After months of debate, Thomas County commissioners and a local historian reached a compromise. Now plans are underway to honor six local civil rights leaders.
Thomasville historian Jack Hadley shows off a rendering of the plaque that will soon call the county courthouse home.
James "Jack" Hadley says, "I'm just happy, I'm just happy it's over with, I'm happy that we can now be able to place this monument."
Hadley says the plaque will honor six African-Americans instrumental in establishing Thomas County's voting districts, a movement he says led to black representation in county government during the 1970s.
The county's decision calls for the plaque to be put near the courthouse's first floor entrance.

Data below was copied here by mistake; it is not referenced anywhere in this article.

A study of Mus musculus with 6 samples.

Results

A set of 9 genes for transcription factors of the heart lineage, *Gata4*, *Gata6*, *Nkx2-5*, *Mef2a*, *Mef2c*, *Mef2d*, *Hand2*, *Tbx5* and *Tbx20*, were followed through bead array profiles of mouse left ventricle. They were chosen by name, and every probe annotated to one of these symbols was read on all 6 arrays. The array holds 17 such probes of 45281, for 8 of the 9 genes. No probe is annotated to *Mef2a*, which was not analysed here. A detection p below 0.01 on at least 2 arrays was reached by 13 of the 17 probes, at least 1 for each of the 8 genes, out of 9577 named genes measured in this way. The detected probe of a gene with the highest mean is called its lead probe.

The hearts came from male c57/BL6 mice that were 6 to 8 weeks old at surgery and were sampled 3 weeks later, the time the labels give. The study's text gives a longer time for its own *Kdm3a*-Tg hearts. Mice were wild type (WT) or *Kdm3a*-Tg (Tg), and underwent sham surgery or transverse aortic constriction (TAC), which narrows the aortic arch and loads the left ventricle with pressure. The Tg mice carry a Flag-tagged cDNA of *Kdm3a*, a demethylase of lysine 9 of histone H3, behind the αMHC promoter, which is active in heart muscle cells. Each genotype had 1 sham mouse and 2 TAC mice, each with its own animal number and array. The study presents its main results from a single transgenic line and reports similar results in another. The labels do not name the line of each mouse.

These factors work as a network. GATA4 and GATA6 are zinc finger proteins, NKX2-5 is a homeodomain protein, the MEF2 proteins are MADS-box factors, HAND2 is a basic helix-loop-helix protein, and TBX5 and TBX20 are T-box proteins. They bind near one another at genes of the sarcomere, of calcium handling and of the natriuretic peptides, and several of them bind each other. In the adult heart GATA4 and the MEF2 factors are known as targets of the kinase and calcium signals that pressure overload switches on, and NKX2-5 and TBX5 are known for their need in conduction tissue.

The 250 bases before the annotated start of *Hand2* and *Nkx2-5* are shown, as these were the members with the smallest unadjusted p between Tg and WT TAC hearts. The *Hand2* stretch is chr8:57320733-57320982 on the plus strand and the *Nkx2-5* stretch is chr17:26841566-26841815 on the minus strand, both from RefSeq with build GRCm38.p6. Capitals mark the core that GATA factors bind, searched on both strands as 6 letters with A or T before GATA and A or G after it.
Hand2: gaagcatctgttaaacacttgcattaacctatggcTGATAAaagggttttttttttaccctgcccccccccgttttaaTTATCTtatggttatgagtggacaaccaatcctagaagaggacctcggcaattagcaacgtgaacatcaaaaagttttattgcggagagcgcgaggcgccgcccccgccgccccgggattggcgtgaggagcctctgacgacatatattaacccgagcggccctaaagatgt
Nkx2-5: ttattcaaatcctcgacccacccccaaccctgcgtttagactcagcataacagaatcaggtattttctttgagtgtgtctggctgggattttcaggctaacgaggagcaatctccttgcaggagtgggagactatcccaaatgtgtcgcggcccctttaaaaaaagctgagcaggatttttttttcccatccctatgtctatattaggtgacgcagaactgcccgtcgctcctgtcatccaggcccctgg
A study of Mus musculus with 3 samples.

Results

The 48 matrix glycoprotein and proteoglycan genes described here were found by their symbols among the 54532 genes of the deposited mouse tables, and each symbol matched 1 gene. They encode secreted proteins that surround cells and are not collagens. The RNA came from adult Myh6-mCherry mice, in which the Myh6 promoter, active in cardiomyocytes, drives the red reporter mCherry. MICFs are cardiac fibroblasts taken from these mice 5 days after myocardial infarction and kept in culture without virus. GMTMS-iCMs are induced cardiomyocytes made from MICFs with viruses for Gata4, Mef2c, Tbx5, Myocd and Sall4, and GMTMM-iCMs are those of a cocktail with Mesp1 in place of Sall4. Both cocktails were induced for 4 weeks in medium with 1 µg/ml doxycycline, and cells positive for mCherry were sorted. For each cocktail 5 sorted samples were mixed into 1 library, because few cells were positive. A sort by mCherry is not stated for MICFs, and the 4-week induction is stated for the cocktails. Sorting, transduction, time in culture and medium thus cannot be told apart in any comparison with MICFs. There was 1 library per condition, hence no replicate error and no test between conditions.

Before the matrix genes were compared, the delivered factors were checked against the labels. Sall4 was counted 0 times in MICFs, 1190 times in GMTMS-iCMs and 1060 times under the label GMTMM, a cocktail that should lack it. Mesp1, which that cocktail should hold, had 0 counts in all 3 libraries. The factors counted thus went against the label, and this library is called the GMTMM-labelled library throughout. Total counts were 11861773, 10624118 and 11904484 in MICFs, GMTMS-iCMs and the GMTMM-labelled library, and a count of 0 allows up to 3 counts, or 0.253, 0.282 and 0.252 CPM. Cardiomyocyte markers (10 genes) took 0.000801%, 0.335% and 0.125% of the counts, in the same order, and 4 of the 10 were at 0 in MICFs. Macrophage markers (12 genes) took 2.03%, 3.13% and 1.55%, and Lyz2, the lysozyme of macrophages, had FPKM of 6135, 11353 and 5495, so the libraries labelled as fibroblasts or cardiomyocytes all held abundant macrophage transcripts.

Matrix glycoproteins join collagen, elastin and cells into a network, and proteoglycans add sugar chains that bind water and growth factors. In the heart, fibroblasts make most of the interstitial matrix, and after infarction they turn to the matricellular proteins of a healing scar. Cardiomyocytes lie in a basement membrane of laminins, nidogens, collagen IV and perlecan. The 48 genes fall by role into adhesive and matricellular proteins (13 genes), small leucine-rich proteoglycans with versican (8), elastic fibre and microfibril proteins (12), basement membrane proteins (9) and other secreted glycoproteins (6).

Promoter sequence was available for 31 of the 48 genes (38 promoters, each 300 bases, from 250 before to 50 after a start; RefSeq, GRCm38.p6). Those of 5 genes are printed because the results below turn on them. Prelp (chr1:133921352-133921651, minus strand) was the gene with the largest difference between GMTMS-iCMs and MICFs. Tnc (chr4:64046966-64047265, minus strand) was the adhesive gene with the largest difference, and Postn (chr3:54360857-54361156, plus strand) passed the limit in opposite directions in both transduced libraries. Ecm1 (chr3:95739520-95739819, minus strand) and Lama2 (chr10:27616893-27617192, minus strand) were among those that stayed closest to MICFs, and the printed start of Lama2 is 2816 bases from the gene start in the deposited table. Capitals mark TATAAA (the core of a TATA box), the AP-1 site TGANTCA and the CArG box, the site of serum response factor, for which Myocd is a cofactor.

Hadley says, "We're very proud and happy that this has come to a close."
Hadley's original proposal to put the monument on the courthouse grounds was denied by the county commission, but now after a few tweaks to the plan, commissioners say their happy with the compromise.
Elaine Mays, Thomas County Commissioner, District 8, says, "I think we're pleased with the plaque rather the monument, and I think that this was a good way to go."
Now all parties are satisfied.
The unveiling of the plaque will be in the very near future. The original monument plan called for private funding, but Hadley says the county will now pick up the tab for the bronze plaque.
Viewers with disabilities can get assistance accessing this station's FCC Public Inspection File by contacting the station with the information listed below. Questions or concerns relating to the accessibility of the FCC's online public file system should be directed to the FCC at 888-225-5322, 888-835-5322 (TTY), or firstname.lastname@example.org.